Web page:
Fr Michael Jacques sm, Australian with 40+ years experience in Japan, recently gave some input to our Inter-religious Dialogue Commission. He says a good place to start is with the Four Ways of Dialogue:
DIALOGUE of LIFE: In which people of different faiths and spiritual traditions strive to live in an open and neighborly spirit – includes socializing and hospitality
DIALOGUE OF ACTION: In which people of spiritual commitment and faith collaborate with others in building a just society – includes service and working for justice
DIALOGUE OF RELIGIOUS EXPERIENCE: In which people steeped in their spiritual traditions share their ways of searching for God or the Absolute – includes prayer, worship, celebration
DIALOGUE OF THEOLOGICAL EXCHANGE: In which specialists seek to deepen their understanding of other spiritual heritages
These types were summarized in the 1991 document, Dialogue and Proclamation: Reflections and Orientations on Interreligious Dialogue and the Proclamation of the Gospel of Jesus Christ, by the Pontifical Council for Interreligious Dialogue and Congregation for the Evangelization of Peoples.
The early Marist Presence in Japan began with a former prisoner of war, Fr Lionel Marsden sm. He had made a promise to God, during the war, that if he survived he would return to Japan with the Gospel and assist survivors of the ravages of war. He and his family and friends founded the Japanese Marist Mission League in 1949 to support the first Marists who went to Japan. This act of faith and commitment has grown into what we know today as The Marist Mission Centre
The early Marists in Japan committed themselves to what we would now call the Dialogue of Life and the Dialogue of Action. They opened kindergartens to enable parents to give their children an early start in education; they opened a nursing home for the aged; they undertook reconciliation ceremonies between Japanese families who had members killed on Australian soil - returning the Samurai Swords to their families and conducting ceremonies of reconciliation and healing. This work was acknowledged by Robert Menzies, the first Australian Prime Minister to visit Nara where the Marists worked. Fr Paul Glynn sm has written some outstanding books on the work of the Marists, in Life and Action, in Japan.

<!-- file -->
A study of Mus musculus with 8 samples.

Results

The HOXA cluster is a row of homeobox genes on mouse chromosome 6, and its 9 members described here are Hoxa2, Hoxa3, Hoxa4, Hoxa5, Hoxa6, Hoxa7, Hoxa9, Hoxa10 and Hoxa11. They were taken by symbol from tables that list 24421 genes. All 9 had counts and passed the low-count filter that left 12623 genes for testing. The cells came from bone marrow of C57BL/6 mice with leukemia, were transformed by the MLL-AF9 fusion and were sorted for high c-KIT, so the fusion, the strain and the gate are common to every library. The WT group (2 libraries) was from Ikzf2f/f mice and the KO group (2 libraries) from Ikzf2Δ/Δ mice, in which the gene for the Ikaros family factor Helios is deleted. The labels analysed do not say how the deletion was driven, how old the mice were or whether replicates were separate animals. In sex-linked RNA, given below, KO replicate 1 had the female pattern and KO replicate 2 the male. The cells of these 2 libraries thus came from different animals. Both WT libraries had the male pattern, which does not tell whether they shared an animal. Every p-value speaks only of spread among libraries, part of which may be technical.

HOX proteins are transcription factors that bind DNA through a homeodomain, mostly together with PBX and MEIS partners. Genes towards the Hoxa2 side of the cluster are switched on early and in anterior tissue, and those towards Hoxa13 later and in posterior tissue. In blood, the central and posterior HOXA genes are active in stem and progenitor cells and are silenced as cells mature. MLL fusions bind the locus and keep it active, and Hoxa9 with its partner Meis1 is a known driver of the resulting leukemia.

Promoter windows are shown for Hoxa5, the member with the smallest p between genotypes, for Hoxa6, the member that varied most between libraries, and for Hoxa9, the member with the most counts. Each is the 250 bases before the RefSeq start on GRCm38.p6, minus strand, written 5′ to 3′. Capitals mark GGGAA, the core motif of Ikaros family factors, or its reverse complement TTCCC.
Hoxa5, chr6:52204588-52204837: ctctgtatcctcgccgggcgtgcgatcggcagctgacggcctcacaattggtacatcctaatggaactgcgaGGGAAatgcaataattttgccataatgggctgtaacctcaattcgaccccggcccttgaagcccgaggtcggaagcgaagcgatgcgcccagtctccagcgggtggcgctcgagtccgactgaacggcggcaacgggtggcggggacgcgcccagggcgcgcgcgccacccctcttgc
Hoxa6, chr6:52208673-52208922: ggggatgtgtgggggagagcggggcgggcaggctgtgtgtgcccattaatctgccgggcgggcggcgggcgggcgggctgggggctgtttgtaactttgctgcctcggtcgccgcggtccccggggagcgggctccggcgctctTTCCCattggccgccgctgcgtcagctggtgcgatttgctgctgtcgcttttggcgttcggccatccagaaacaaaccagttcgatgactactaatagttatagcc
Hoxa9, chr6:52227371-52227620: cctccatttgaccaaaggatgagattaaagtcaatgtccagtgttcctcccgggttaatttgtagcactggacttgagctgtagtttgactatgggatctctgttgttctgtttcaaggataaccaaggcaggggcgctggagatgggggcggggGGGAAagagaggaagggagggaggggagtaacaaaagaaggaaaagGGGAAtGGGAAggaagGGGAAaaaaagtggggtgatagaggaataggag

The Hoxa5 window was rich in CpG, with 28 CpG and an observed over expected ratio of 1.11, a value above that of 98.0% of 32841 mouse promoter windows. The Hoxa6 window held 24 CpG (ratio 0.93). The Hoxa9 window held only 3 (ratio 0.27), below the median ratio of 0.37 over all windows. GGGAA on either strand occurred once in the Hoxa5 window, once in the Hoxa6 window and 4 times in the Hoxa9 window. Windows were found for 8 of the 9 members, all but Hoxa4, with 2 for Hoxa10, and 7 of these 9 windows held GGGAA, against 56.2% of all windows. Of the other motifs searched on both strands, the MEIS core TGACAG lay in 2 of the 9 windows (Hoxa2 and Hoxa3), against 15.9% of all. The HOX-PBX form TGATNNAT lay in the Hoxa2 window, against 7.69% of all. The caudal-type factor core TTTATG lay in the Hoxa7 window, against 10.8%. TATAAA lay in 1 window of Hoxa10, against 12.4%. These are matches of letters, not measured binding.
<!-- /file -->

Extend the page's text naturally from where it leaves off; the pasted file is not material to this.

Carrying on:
Paul Glynn's book: on the work of his brother Tony Glynn sm
Dialogue of Religious Experience: Buddhism in Japan has six schools, including 3 of Zen. Analogies have been drawn between Buddhism and Christianity, and Buddhism may have influenced Christianity. Buddhist missionaries were sent by Emperor Ashoka of India to Syria, Egypt and Greece beginning in 250 BCE and may have helped prepare for the ethics of Christ. Others have noted the significant differences between the two religions beginning with monotheism's place at the core of Christianity, and Buddhism's orientation towards non-theism. Some early Christians were aware of Buddhism which was practiced in both the Greek and Roman Empires in the pre-Christian period. The majority of modern Christian scholarship has rejected any historical basis for the travels of Jesus to India or Tibet and has seen the attempts at parallel symbolism. However, in the East syncretism between Nestorian Christianity and Buddhism was widespread along the Silk Road in Antiquity and the Middle Ages, and was especially pronounced in the medieval Church of the East in China, as evidenced by the Jesus Sutras.
Dialogue of Theological Exchange: Japan has many excellent centres engaged in this, including Nanzan University (SVD) - an excellent academic Center for Religion & Culture with visiting scholars, webinars, conferences, and publications, e.g. Japanese Journal of Religious Studies . Scholars engaged in this work include Frs Joseph Spae, Jan Swyngedoux, and Jan van Bragt of the CICM missionaries. Other important Institutes include the Oriens Institute for Religious Research (Tokyo) which publishes the Japan Missionary Bulletin (Habito article) and the Institute for Christian Culture, Sophia University. Reuben Habito, a Filipino missionary in Japan for many years, suggests that the Four Levels of Dialogue and Encounter can be understood as 'Sacraments' of the Living and Loving God who is transforming the persons who engage at these levels.
Humility is a key virtue in the art of IRD. "Humility is the ultimate religious state in which there is no difference in gender, class and status" (Catherine Cornille - Theology of Religions - Boston College).
Humility is at the heart of being Marist: 'In their life and apostolate Marists will often be aware of their own limitations and resistance of those to whom they minister. Humility frees us from crippling attitudes of anxiety, bitterness, and cynicism, and gives us courage to rely on God alone. In this way we will be useful to others, and do great things for God'. [Constitutions 219 -220]
"If you go deeply into any one tradition, you converge on a center, and there you see how we all come forth from a common root. And you find how we meet people on the deeper level of their faith, in the profound unity behind all our differences. . . . The grace of Christ is present in some way to every human being from the beginning to the end". [Bede Griffiths, A New Vision of Reality: Western Science, Eastern Mysticism, and Christian Faith (Templegate Publishers: 1989, 1992), 99‒100].